Thursday, September 07, 2006

Public Records

I often find that people take umbrage at things without full knowledge of the facts. Here are some facts. Code Enforcement records are public records.

From the Office of the Attorney General on Florida Public Records Laws

"Florida began its tradition of openness back in 1909 with the passage of what has come to be known as the "Public Records Law," Chapter 119 of the Florida Statutes. This law provides that any records made or received by any public agency in the course of its official business are available for inspection, unless specifically exempted by the Legislature. Over the years, the definition of what constitutes "public records" has come to include not just traditional written documents such as papers, maps and books, but also tapes, photographs, film, sound recordings and records stored in computers.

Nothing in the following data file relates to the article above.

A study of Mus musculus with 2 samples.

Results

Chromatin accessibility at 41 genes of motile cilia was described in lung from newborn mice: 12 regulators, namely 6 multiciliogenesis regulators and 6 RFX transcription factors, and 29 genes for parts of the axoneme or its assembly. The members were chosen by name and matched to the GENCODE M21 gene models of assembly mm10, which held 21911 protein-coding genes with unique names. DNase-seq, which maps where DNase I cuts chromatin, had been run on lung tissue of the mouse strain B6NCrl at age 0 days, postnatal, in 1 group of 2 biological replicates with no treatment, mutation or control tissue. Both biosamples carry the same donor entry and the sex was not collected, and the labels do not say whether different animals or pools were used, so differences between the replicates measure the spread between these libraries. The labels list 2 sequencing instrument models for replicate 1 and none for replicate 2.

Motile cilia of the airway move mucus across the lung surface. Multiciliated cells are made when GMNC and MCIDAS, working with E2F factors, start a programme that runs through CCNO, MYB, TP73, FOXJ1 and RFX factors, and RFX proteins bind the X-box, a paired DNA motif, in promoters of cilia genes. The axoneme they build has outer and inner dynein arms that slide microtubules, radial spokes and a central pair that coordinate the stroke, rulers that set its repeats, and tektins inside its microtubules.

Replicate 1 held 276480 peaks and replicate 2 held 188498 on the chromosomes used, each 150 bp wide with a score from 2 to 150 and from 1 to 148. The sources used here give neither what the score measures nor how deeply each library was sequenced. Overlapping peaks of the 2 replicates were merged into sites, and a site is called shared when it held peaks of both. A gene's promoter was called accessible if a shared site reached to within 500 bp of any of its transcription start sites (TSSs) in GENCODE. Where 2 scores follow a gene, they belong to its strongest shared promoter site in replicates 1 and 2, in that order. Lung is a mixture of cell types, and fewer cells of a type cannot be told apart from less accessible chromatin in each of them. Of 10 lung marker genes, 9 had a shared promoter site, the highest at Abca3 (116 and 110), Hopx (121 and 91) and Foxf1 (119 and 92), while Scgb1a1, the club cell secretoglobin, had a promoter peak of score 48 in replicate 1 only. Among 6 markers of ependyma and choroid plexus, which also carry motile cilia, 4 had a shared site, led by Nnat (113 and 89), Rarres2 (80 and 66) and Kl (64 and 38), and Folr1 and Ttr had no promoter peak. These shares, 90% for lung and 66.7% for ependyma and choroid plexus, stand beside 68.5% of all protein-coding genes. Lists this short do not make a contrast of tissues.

It was in 1967 that Florida's Government-in-the-Sunshine Law was enacted. Today, the Sunshine Law can be found in Chapter 286 of the Florida Statutes. The Sunshine Law establishes a basic right of access to most meetings of boards, commissions and other governing bodies of state and local governmental agencies or authorities. "


Anonymous said...

There is a difference between a public record and intrusion.
It is upsetting enough to get a notice from code without having every neighbor from here to 30th st. knowing about it.
Publicly embarassing a 70 year old is not my thing.
If the offending offender gets a judgment or ends up in court then publish away.

Resident Blogger said...

I agree with your comment, however, there are other views. It is impossible to help a neighbor if you do not know they need help. In the case of many elderly they have no ability to help themselves or understanding of how they can obtain assistance.
Many of us wish to know the difference between an elderly person who needs help and someone who just doesn't give a darn. If people know who needs help then the case never needs to get a judgement or end up in court!